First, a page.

Today, October 2, is the feast of the guardian angels. Everybody has one. The Scriptures say so (see Ps 34:7, Mt 18:10, Ac 12:15). And the Fathers say so. One of the most beautiful works in the field of patrology is Cardinal Jean Danielou’s Angels and Their Mission: According to the Fathers of the Church. I just finished reading it for the umpteenth time. More popular, but still intermittently patristic is My Angel Will Go Before You, another book by a 20th-century Frenchman, Georges Huber. Pascal Parente’s The Angels is solid, accessible, and grounded in the Fathers. Mortimer Adler, while still identifying himself as a pagan, produced an admirable philosophical study, The Angels and Us — though he manages somehow to botch the historical background on Augustine. (Guess he forgot to check the Encyclopaedia Britannica, which he edited back then!)

The great classic source on the angels is the fifth-century Celestial Hierarchy by Pseudo-Dionysius, which is a must-read.

Last year I posted a little catena of the Fathers’ teaching on guardian angels, which I reprint here:

HERMAS (150 A.D.): “There are two angels with a man — one of righteousness, and the other of iniquity … The angel of righteousness is gentle and modest, meek and peaceful. When he ascends into your heart, he speaks to you of righteousness, purity, chastity, contentment, and every other righteous deed and glorious virtue. When all of these things come into your heart, know that the angel of righteousness is with you.”

CLEMENT OF ALEXANDRIA (195 A.D.): “The Scripture says, ‘The angels of the little ones, and of the rest, see God.’ So he does not shrink from writing about the oversight … exercised by the guardian angels.”

ORIGEN (225 A.D.): “Every believer — although the humblest in the Church — is said to be attended by an angel, who the Savior declares always beholds the face of God the Father. Now, this angel has the purpose of being his guardian.”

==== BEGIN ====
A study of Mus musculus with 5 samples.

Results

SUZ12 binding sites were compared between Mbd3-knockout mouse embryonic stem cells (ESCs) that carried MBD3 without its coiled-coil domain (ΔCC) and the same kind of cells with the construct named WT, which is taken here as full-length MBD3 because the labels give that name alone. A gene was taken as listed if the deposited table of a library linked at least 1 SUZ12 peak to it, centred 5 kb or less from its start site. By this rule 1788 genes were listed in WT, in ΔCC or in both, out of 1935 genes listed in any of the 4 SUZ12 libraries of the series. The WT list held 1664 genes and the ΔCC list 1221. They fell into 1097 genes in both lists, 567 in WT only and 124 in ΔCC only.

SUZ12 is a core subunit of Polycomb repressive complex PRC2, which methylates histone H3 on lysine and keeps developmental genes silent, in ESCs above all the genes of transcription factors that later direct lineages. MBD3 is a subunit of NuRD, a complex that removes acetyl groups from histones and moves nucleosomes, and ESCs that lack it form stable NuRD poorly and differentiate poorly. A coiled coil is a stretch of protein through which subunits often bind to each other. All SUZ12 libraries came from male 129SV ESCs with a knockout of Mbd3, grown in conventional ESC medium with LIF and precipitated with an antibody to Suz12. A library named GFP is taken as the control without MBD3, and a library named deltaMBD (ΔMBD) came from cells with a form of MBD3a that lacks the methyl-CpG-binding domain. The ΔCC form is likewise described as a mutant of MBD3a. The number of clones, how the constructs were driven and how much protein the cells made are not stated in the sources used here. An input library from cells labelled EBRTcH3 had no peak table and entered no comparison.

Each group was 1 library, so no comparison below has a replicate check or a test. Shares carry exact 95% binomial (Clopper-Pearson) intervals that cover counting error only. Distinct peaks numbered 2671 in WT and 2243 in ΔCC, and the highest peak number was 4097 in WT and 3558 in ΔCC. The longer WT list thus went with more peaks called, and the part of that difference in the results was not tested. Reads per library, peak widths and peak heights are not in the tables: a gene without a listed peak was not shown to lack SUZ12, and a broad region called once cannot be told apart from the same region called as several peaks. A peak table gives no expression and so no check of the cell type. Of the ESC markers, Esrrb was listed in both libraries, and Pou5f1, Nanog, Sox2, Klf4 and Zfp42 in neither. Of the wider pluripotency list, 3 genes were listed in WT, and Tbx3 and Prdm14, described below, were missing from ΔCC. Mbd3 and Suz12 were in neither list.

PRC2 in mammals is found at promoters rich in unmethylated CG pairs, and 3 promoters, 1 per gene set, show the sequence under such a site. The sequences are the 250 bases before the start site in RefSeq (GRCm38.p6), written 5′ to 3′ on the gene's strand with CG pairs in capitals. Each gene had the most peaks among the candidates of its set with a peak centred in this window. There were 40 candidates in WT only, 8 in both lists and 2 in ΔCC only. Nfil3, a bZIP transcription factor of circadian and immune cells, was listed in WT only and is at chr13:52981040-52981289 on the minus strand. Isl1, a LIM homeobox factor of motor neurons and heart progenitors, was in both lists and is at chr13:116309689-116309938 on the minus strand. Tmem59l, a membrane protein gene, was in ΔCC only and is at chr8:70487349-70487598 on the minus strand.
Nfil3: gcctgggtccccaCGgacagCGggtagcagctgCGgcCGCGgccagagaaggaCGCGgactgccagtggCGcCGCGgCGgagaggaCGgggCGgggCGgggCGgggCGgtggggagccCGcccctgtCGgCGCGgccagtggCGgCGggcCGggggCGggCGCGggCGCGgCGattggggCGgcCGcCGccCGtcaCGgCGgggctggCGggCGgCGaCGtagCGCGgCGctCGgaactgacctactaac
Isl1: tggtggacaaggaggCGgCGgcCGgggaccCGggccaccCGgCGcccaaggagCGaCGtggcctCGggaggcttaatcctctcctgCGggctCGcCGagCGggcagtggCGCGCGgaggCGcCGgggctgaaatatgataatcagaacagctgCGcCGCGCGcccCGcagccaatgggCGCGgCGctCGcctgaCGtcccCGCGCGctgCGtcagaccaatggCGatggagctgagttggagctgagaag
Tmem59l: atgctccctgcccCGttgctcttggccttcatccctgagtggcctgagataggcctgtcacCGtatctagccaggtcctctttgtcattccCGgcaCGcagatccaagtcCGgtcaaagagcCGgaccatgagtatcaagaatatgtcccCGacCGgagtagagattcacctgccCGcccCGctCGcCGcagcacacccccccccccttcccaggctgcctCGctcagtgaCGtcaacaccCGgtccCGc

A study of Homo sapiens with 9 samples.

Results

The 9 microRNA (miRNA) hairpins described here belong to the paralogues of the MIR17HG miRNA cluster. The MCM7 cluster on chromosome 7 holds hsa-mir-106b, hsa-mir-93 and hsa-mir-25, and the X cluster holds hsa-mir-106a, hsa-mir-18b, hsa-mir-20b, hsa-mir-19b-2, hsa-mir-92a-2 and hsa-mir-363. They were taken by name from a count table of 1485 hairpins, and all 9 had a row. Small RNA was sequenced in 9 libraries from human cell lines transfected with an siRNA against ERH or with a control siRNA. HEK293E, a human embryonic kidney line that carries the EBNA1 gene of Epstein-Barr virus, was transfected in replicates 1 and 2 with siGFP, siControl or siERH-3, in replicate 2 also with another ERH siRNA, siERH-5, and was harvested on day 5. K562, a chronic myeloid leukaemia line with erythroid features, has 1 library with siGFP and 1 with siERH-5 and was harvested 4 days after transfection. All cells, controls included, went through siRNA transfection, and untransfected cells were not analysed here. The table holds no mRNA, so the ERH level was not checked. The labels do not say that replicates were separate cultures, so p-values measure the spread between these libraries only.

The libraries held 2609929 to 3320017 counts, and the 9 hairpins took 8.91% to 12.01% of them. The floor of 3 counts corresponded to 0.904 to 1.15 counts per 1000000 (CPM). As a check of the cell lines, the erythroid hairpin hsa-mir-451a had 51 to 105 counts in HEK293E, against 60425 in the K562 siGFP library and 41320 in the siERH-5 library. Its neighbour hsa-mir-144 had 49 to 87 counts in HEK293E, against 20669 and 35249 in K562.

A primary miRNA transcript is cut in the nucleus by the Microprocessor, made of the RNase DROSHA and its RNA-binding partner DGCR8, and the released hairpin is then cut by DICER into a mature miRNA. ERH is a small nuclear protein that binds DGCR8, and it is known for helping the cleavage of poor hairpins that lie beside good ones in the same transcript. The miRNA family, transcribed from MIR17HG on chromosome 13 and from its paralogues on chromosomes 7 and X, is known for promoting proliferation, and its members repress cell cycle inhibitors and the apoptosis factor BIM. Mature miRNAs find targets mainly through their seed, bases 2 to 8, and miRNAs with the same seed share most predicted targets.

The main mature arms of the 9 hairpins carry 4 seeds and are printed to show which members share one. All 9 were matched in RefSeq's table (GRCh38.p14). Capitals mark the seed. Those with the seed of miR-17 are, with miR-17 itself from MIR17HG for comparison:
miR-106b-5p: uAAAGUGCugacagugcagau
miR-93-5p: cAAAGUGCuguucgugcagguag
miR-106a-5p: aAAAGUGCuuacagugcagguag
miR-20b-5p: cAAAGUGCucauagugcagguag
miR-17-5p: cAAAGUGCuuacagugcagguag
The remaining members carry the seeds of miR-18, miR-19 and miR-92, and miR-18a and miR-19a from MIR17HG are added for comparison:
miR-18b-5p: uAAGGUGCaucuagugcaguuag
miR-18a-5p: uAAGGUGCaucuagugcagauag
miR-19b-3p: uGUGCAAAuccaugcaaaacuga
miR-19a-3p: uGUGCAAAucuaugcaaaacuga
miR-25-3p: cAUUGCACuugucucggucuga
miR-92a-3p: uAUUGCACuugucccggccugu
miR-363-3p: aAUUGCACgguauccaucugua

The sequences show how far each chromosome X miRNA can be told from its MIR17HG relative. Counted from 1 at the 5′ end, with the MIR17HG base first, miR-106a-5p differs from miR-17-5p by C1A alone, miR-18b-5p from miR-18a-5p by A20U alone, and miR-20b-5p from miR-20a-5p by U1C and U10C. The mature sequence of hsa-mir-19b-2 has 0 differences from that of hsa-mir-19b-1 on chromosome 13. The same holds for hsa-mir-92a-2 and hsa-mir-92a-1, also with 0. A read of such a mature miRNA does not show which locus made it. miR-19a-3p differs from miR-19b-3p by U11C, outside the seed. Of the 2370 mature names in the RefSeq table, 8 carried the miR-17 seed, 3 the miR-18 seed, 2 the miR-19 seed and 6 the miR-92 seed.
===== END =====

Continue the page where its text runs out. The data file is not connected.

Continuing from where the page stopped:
ST. GREGORY THE WONDERWORKER (255 A.D.): “I mean that holy angel of God who fed me from my youth.”

ST. METHODIUS (290 A.D.): “We have learned from the inspired writings that all who are born … are committed to guardian angels.”

So there you go. The doctrine was around centuries — well, several weeks anyway — before anybody thought of printing a syrupy holy card. I culled the quotes from David W. Bercot’s Dictionary of Early Christian Beliefs, whose 704 pages are a real bargain at $19.95 new. The book is quite good, in spite of an intermittent Protestant bias (e.g., in his selection on the intercession of the saints). But in his abundant quotations on guardian angels, Bercot gives us ten from Origen alone!

Get to know your guardian angel. They’re there with us to light and guard, rule and guide. We, however, can choose to be more or less open to their influence. What a waste if we choose less of a pure and heavenly intelligence, to be absorbed instead in our own!

And speaking of angels: Last Saturday, September 29, was my name day on the Western Calendar, but I was so absorbed in my own less-pure and earthly intelligence — and so preoccupied with my impending speech to the St. John Chrysostom Society — that I neglected my heavenly patron, St. Michael the Archangel. I had wanted to write something about the fervent devotion to St. Michael in the ancient Roman and Alexandrian churches. There’s abundant evidence from before Nicea! I found some lovely Egyptian artworks in this just-published (and quite lovely) book: The Treasures of Coptic Art in the Coptic Museum and Churches of Old Cairo. It features St. Michael in sculpture and paintings.

As for my post on my great archangel, I’ll have to defer till next year.

2 thoughts on “Guardian Angels

  1. Happy belated namesday, May St. Michael, and your guardian angel, and all the angels and saints be your guides and protectors!

  2. I found out my guardian angel’s name by praying, reading, and meeting people. Its name is Ian.